Monday, April 19, 2010

Clogged in the Pipeline...a tribute to Deep Fried Oreos!

Sorry to keep you waiting with bated breath, but I was in Boston last week, away from access to any of the amenities of the 21st century.

Seriously, the walk from my hotel to the nearest drug store was 15 minutes!

But, Boston was a beautiful town...from what little of it I was able to see. Turns out they have this place called McDonald's that sells a Krustyburger with Cheese, but they don't call it a Krustyburger with Cheese. Instead, they call it a "Quarter Pounder with Cheese." (!)

But I digress. After scarfing down far too many deep fried oreos on Saturday, I have resolved to provide you with a sweeping survey of this confection's venerable history.

It all goes back to the 1990's, when a Brooklynite came up with the idea of deep frying candy bars. This may have been influenced by the Deep Fried Mars bar, which is an ancient Scottish dessert that was introduced circa A.D. 1995. However, some sweetner scholars disagree, and propose a 4 source hypothesis to the problem.

What is known is that deep fried candy bars were sold at state fairs in the Midwest (where else?) starting in the late 90's. Within a year, this grew to include twinkies (as requested by Hostess). The introduction of deep frying frozen oreos has gone unrecorded (I guess those blessed enough to see this weren't wise enough to write it down). However, they have been a staple at New York City Fairs ever since, where I go through them like Bugs Bunny goes through carrots.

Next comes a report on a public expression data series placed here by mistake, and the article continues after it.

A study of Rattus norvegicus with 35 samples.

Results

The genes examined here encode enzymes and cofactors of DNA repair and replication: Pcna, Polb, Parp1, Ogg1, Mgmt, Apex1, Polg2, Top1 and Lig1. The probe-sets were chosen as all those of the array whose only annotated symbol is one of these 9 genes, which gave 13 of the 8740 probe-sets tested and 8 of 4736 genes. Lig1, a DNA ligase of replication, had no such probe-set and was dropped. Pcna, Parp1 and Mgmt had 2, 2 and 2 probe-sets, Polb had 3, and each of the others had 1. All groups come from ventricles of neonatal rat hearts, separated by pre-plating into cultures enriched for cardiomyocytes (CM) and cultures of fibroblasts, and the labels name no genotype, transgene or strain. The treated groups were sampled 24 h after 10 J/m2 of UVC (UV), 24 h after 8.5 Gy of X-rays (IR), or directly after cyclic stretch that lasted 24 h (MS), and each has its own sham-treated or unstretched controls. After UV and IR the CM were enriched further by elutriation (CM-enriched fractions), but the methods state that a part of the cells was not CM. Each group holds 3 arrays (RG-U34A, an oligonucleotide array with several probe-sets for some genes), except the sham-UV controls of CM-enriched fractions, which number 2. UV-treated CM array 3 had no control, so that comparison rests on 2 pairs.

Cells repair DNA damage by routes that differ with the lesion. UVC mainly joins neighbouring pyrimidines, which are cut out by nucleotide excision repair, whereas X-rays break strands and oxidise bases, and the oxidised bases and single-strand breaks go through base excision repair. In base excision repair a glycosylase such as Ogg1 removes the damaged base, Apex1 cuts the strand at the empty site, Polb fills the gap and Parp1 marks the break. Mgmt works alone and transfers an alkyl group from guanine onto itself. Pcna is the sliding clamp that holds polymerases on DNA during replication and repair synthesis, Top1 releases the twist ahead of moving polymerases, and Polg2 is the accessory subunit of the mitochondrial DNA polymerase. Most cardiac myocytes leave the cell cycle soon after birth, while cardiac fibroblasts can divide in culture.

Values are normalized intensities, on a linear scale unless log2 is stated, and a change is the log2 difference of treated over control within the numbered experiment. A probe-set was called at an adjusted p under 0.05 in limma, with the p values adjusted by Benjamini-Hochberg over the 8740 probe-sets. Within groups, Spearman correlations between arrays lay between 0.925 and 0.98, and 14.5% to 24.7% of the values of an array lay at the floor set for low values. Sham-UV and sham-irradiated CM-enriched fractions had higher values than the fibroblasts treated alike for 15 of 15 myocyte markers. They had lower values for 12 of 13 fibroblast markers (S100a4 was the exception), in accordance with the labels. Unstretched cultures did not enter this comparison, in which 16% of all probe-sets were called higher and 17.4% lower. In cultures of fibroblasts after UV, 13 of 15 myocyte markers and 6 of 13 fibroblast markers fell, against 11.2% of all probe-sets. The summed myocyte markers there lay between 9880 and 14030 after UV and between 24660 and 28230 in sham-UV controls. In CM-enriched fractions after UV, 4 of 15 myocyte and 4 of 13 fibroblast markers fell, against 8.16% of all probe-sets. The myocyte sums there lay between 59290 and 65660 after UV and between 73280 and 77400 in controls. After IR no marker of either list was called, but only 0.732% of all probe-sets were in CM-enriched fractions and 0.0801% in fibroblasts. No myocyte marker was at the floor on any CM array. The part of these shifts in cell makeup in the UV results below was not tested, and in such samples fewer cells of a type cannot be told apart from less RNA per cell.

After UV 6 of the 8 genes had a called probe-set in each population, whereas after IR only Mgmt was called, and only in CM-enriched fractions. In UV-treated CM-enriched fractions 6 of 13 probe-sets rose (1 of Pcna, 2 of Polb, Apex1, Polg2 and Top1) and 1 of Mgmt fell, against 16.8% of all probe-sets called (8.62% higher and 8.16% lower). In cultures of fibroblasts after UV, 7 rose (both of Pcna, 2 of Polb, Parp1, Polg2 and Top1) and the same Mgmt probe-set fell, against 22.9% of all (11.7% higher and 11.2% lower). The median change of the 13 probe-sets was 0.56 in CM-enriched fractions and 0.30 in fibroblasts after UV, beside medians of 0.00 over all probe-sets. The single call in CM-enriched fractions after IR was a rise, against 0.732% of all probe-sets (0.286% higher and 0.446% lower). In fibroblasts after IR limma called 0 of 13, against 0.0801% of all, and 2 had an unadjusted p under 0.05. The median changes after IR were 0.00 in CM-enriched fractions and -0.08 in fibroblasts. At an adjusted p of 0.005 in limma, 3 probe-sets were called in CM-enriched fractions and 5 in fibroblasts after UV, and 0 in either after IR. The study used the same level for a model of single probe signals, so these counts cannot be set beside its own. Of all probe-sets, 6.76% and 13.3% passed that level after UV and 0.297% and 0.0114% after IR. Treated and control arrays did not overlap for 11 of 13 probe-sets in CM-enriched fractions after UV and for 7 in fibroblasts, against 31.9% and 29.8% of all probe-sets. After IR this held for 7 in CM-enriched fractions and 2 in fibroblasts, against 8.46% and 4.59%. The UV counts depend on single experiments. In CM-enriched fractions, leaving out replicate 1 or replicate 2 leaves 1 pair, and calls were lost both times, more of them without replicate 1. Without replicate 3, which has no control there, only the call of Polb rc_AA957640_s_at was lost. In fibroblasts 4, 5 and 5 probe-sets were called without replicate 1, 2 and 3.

If you're in the market for anything deep fried, it is important to watch and verify that it is being prepared correctly. The whole point of deep frying an oreo, twinkie, or Mars bar is to remove the excess moisture. Meanwhile, the sugars will carmelize, and the whole confection should soften, but like any chemical reaction this takes time. If you see a vendor scooping the oreos out within a minute or two, ask him to put them back in. A crunchy deep fried oreo is only an overpriced ordinary oreo offering an outer envelope of oil. When it comes to deep frying a sandwich cookie, buyer beware.

And, this is why a deep fried oreo is amazing-it's soft, but not gooey. It's transformed, but still shares the essential properties of an untouched oreo.

If I were you, I would grab one while I can, because it looks as though street fairs might become a little less frequent in the Big Apple.

Bon Appetit!


  1. Did they have Krusty partially gelatinated non-dairy gum-based beverages?